Now that 3D scanners are much more common and accessible to different technical and non-technical fields and practices, it is a fantastic time for universities to get their hands on a scanner for research and education. More engineers in the field are using 3D scanners to create micron-accurate meshes of real objects as a baseline for new CAD designs, and more engineers are expected to have some experience with a scanner. There are other professionals using 3D scanning to their advantage as well, such as architects and designers. With so many uses and scanner options available, you may need a little help to narrow down your list so that you can find the right fit for your research and educational program needs.
Engineering research universities could use a scanner such as the Artec Leo to support modern practices for reverse engineering with 3D scanners. Many engineers in practice use these scanners to represent real objects and environments accurately so they may create new designs based on those meshes. The workflow going from scanning objects to cleanup to final product modeling is a growing specialty amongst engineering teams. Because student and professor use for this scanner will vary between large and small tasks, a scanner like the Artec Leo is a great blanket fit to meet most users’ needs. Scanners are a technology that is rapidly developing to fit new needs such as quality analysis, so looking at a powerful scanner like the Leo will also give students and professors the ability to take professional quality scans.
Researchers are now finding ways to help our friends in nature using 3D scanning. Artec 3D scanners are perfect for the task due to the high-resolution scanning and portability while dealing with animals. From scanning sea creatures to 3D print tags that allow for better mobility, to land creatures missing a limb that needed a prosthetic, the Artec Eva has helped to quickly and accurately capture 3D data to enable the research teams involved to quickly and successfully complete their tasks.
Architecture departments can also utilize a scanner to give students the ability to study and interact with high-quality mesh files. For example, students at Virginia Tech may be performing a study that involves improving the structural integrity of an old load-bearing structure. To tackle this problem with a full plan would involve knowing and understanding the pre-existing structure to see what adjustments can or cannot be made. If those students were to acquire a polished 3D mesh file of those structures, students would be able to analyze the mesh to create new CAD files representing new structures. This is just an example of how architectural students might use a scanner to improve the quality of their projects and studies.
How Will Your Scanner be Used?
When looking for a 3D scanner that best suits a research university environment, there are a few questions that need to be answered such as:
- What size objects will be scanned?
- Will the user always be able to be near a computer with a scanner, or will a project involve moving the scanner to a large area?
There is now a large portfolio of different scanners that are used for fine details for quality analysis, and scanners on wheels that are made to scan large areas at a time. A university may have multiple answers to these questions, so a scanner that can fit many needs would have the best value.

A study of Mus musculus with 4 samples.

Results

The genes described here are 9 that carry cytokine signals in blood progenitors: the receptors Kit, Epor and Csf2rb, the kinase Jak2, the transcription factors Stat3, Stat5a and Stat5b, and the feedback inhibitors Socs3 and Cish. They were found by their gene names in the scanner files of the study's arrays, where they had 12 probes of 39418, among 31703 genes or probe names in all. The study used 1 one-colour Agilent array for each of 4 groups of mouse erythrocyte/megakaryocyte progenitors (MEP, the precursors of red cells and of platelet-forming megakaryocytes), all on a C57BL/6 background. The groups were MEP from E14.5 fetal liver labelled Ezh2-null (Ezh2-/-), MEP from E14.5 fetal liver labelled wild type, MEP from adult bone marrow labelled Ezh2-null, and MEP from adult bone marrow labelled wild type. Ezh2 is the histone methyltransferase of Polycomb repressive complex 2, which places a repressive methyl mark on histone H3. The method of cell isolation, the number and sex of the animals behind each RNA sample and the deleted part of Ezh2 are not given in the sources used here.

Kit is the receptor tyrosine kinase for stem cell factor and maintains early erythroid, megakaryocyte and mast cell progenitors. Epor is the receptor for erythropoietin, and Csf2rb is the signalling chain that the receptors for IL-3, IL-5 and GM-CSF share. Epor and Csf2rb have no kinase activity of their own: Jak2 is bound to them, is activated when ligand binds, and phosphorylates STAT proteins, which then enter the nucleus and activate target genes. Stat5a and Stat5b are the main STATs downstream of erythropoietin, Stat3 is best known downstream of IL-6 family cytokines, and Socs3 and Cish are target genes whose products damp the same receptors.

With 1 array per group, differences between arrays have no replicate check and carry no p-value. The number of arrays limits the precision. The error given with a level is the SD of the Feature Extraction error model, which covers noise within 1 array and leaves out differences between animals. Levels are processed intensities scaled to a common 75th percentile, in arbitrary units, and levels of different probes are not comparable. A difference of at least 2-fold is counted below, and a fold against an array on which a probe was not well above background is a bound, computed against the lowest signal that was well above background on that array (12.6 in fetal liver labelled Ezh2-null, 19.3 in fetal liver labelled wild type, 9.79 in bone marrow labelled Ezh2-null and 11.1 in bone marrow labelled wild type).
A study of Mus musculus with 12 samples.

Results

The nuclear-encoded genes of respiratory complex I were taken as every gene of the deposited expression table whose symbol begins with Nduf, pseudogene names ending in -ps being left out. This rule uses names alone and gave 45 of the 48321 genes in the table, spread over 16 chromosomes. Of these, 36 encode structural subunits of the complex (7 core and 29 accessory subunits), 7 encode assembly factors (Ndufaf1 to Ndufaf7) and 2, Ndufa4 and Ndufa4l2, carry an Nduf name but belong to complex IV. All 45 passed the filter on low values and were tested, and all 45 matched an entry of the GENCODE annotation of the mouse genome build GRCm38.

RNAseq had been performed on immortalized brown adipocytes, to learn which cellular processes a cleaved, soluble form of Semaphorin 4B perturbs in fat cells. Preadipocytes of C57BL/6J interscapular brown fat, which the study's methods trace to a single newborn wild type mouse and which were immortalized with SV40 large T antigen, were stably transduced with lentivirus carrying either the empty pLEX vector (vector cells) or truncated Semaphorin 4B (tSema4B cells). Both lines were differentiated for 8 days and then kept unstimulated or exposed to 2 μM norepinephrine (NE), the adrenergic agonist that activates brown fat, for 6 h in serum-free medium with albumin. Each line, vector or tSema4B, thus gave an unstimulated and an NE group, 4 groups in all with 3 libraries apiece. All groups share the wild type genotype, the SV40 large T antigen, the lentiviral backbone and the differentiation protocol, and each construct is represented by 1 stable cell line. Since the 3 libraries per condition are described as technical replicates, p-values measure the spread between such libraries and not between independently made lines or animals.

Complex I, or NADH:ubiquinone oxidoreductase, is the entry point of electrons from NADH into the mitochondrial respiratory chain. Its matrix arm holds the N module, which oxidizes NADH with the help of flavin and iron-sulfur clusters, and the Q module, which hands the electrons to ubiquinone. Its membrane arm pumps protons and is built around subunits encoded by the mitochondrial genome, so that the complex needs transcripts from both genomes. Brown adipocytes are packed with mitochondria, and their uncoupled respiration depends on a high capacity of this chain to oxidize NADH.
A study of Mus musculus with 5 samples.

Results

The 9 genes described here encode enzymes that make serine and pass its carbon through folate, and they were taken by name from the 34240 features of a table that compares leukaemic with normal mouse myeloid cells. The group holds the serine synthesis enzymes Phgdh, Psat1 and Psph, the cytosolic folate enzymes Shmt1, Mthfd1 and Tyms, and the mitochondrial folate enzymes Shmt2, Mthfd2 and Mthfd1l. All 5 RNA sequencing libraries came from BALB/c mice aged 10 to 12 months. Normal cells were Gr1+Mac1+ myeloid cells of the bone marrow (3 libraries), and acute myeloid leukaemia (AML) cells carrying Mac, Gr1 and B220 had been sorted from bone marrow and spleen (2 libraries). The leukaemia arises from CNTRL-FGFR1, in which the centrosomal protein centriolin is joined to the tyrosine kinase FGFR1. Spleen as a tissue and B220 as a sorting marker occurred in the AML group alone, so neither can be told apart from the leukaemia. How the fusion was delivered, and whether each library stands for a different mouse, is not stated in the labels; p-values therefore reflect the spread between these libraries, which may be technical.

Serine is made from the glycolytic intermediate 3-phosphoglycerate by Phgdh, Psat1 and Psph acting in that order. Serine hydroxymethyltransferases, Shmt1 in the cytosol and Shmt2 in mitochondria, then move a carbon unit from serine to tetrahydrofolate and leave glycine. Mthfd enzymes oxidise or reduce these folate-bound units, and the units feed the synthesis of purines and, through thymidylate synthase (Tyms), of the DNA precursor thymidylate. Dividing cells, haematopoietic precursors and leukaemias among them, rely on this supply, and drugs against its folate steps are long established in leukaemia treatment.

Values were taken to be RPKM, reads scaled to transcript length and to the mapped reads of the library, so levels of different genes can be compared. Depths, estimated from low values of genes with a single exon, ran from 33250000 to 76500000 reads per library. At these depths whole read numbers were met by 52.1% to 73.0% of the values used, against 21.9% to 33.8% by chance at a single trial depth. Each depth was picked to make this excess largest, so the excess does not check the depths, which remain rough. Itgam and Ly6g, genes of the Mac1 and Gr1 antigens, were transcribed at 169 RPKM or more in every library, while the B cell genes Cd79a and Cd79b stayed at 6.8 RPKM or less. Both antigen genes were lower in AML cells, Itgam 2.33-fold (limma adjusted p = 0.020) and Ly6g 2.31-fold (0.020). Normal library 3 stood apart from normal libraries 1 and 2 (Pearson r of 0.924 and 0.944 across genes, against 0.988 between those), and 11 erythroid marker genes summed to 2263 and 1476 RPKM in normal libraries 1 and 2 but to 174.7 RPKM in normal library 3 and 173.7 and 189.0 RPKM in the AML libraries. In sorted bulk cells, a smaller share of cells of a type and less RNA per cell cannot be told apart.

Scanner for Multiple Disciplines
The Artec Leo is a fantastic option for students and professors across multiple disciplines. This scanner can pick up fine details but can be used further back to scan large areas at a time. This scanner even has a screen built-in and can align scans automatically, which is an important part of obtaining a high-quality mesh. Not needing to be tethered to a computer is also a huge plus that removes a large inconvenience. Regardless of which scanner you decide to go with, make sure it’s one that fits your needs. If you have many different needs, pick a scanner as versatile as the Artec Leo.
When Fine Details are Crucial
When it comes to using research to develop products, accuracy and details are crucial for a robust design. Some scanners may support a large range of resolution for the scanner, but if the details are important, a specialized scanner for a smaller resolution may be required. The Artec Space Spider can reach up to a 50-micron resolution and can create scans with every little detail. If these details are just part of a larger scanned mesh, the Spider's scans can be combined with scans from other machines to create a full image with the higher resolution where it counts. Many scans can be combined in Artec Studio, a very refined mesh post-processing tool that makes cleanup a quick and forgiving task.
While many universities are taking on developing technologies such as 3D printing and new CAD software, there would be a gap if 3D scanners are not included. Many engineering teams are now looking for 3D scanners to fill in workflow gaps, especially with reverse engineering, and it is a process students can benefit from. Practicing architects also have many uses for these scanners that should be shown in universities so students have experience as soon as they join the job search. While many scanners are available, making sure you select the best scanner for your team's needs is critical. If you need help with that next step, reach out to TriMech!